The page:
The Scion FR-S is dead, long live the 2017 Toyota 86. Claiming a new badge and assuming the same name as the affordable coupe already sported outside of the US, the refreshed version of the 2-liter two-seater sticks with its winning formula. In the process, it underscores a lesson many more expensive sports cars could do worse than learn.
I had bad luck with the FR-S. Last time I was handed the keys to one, within 45 minutes a truck had driven into the side of it. That’s a shame, because it’s still one of the better designs out of Toyota’s studios in recent years. For the transition from FR-S to 86, Toyota scattered some nameplate badging around both the exterior and interior, but otherwise the main changes are shared in the mid-cycle refresh with its Subaru BRZ cousin.
That means new LED headlamps and tail lamps, along with a reworked front fascia and a larger air dam. At the rear, the bumper is lower; there are new 17-inch wheels. The result is still striking given the price.
Unfortunately you’re left in no doubt as to where Toyota saved its yen. The cabin has been lifted with some suede-effect panels on the upper doors and across the dashboard, and the leather-wrapped steering wheel is nicely compact, but otherwise there’s plenty of black plastic. The designers tried their best with some silver trim, but there’s no avoiding the fact that this car was built to a strict budget.
I can live with that, though Toyota’s choice of infotainment system is a chore. Apple CarPlay and Android Auto would be an obvious fix for the paucity of functionality that the 7-inch touchscreen Pioneer system includes, but they’re both conspicuously absent. Some of the 86’s cost-cutting is even more basic: you don’t get one-tap indicators for lane changing, for instance.
In its defense the driving position is solid, snug without feeling unduly claustrophobic. There are rear seats, but they’re better considered as a fabric-clad parcel shelf, legroom and headroom is so scant. Trunk space is actually reasonable, limited primarily by the small opening itself.
For 2017, the coupe gets a mild power upgrade, albeit only in the manual configuration. The 2.0-liter flat-four engine get a variety of tweaks to nudge up horsepower and torque by 5 HP and 5 lb-ft. apiece. Still, 205 HP and 156 lb-ft. isn’t going to scare anyone, though that’s really not the 86’s style.
Instead, it’s all about usable power and snicking through the six-speed gearbox. That now has shorter final-drive gearing so you can find yourself rowing more frequently; luckily, there’s a clean and crisp action which stops that from being a chore. The engine Subaru donated isn’t going to win awards for its refinement but it rewards drivers eager to keep it high in its rev range. Maximum torque arrives at a heady 6,400 rpm.
What the 86 really loves to do is go around corners, though. Unlike more coveted exotica, which really demands a closed race track (or a willful commitment to supporting your local sheriff’s department through speeding tickets) if you’re going to get anywhere close to the limits, Toyota’s little coupe delivers fun a-plenty at more sensible speeds. It’s the same strategy that makes Mazda’s perennially rewarding MX-5 Miata such a great sports car, and an excellent reminder that crazy power numbers don’t necessarily translate to on-road entertainment.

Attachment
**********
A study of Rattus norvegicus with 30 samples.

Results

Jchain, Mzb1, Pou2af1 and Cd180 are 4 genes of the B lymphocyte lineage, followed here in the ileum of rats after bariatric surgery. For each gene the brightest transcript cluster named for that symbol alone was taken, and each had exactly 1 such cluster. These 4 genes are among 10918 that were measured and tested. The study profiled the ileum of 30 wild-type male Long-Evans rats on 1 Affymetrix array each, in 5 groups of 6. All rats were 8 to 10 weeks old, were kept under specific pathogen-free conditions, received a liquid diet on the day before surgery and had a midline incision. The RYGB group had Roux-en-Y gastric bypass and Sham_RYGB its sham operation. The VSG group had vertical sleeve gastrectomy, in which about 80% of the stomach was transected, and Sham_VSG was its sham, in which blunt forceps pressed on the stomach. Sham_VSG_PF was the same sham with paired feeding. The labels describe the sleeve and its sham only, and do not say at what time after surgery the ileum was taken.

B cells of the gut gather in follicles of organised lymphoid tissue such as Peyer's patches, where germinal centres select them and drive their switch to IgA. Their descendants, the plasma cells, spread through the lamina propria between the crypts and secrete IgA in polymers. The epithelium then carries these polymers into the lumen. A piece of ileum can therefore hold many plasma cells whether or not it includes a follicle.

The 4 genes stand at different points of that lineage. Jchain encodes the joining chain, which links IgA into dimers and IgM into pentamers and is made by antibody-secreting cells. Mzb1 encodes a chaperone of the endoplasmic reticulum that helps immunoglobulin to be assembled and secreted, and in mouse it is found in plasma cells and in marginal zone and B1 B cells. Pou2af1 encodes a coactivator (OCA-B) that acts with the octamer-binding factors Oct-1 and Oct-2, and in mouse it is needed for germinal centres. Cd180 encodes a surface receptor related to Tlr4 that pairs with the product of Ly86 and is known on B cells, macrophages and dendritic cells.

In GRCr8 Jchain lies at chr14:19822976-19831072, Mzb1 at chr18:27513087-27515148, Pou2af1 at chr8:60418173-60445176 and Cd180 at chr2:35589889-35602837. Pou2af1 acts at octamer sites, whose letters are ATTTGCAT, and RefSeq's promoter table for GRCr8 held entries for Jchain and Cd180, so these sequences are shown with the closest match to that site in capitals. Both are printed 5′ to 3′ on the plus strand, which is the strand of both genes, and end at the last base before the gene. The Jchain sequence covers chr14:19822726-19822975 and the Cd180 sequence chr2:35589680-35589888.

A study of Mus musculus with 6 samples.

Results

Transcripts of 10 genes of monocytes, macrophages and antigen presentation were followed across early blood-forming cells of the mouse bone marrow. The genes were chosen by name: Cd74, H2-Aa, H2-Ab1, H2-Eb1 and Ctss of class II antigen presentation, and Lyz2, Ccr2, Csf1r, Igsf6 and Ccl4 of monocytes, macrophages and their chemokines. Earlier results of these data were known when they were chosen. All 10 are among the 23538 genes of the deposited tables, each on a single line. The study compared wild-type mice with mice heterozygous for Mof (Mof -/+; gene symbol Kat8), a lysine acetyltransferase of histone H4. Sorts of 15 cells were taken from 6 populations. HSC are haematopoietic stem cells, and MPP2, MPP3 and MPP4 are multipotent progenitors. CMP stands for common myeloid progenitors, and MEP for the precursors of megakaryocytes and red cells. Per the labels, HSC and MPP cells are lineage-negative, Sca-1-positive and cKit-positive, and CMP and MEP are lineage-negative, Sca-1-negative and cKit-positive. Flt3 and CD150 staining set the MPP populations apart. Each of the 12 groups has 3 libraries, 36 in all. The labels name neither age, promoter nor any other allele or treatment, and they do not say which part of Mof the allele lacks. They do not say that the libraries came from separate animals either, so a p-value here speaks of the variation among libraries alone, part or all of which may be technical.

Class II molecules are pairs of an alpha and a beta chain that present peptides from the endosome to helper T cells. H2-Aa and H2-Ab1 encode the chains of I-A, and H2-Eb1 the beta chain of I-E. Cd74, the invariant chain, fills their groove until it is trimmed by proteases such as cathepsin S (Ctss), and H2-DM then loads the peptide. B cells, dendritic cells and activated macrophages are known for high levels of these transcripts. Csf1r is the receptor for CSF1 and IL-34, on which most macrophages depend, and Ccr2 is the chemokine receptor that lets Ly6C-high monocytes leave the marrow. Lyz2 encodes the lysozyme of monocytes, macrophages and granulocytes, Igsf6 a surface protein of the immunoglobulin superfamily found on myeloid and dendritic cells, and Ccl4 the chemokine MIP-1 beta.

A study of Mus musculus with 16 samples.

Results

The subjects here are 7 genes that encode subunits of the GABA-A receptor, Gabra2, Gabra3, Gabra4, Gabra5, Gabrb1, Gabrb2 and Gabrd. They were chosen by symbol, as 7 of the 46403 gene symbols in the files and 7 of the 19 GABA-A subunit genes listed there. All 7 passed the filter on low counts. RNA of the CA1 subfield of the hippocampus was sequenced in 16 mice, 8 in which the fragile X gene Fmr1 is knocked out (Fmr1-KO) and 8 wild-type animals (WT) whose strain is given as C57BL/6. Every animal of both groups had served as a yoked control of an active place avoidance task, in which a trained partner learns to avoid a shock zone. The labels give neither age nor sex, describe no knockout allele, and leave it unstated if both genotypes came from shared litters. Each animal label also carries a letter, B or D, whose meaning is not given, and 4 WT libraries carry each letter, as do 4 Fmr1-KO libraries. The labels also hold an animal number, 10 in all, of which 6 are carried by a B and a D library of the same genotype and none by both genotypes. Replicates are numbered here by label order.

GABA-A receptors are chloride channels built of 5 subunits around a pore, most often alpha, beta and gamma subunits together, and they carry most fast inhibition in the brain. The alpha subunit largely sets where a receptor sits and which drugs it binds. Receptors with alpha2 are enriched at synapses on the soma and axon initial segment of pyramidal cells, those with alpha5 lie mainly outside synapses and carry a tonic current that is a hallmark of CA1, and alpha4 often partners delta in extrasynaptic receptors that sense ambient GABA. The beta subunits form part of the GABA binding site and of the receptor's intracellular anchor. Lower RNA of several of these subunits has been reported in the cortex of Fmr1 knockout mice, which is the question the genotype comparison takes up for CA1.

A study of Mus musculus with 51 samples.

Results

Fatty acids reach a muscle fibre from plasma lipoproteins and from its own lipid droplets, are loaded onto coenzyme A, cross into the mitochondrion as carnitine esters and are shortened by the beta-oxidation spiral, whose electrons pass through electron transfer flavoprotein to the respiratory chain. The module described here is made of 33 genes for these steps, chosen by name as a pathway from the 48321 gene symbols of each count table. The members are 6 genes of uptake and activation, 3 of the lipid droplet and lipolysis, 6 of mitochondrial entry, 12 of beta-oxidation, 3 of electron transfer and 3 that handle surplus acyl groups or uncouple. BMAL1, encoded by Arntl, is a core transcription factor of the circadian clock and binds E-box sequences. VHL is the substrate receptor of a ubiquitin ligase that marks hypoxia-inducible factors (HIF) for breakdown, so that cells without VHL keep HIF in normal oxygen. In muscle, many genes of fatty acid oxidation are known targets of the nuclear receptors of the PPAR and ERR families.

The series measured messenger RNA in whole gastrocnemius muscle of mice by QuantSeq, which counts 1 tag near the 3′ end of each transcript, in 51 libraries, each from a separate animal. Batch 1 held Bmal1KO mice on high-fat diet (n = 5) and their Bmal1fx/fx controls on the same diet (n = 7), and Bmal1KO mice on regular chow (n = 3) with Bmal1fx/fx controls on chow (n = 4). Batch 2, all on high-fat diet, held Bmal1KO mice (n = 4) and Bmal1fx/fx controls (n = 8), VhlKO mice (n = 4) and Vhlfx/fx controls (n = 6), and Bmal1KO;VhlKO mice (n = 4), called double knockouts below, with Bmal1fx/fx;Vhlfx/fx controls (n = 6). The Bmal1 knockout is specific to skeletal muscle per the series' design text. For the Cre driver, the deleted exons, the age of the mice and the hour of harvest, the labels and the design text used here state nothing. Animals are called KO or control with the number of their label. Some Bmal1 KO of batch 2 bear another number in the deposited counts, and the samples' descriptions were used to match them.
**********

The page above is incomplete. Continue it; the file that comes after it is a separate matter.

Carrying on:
Some of the 2017 changes have attempted to tame what was a fairly skittish rear in the old FR-S, with the Scion-badged car keen to kick its tail out. There’s a Torsen limited-slip differential, slightly firmer shocks and springs up front, and slightly softer settings for their rear counterparts. The “Sport” mode is renamed “Track” and waters down the stability control nannying even further than before.
That said, it’s still easy enough to get the 86’s tail wagging, and happily just as straightforward to bring it back in line safely. This is a fun, flingable little car which packages a sweet manual transmission with a capable chassis and a commendable commitment to usability in the real-world. All the flogging you need to do to wring the best from the 86 doesn’t do much to help economy, mind. Toyota quotes 21 mpg in the city or 28 mpg on the highway, but my own mixed driving I fell well short of the EPA numbers. The automatic is rated better, but the consensus is that its reluctance to hold lower gears eats into the car’s enthusiasm.
When the FR-S and BRZ launched, much was made of the Miata rivalry. At the time, the decision could be made fairly straightforward: if you wanted a hard roof, the FR-S was your car; if you wanted a drop-top, the Miata would deliver. Now, though, with the arrival of the MX-5 RF and its slick targa, it’s not such a simple choice.
Personally, I prefer the Mazda’s baby-F-Type styling and its transmission over Toyota’s. The downside is that you pay a premium for the targa top: this particular red 86 comes to $27,120 including destination, more than $5k cheaper than a base MX-5 RF. The Mazda is better-equipped and has the flexibility of a convertible, but even with Toyota’s $1k price increase for 2017 it’s hard to argue with the cost-per-grin ratio of the 86.
Indeed, in a range that’s looked drearily conservative for some time now, the 2017 86 is exactly the car that Toyota needed. That Scion had to die in order to deliver it is just collateral damage.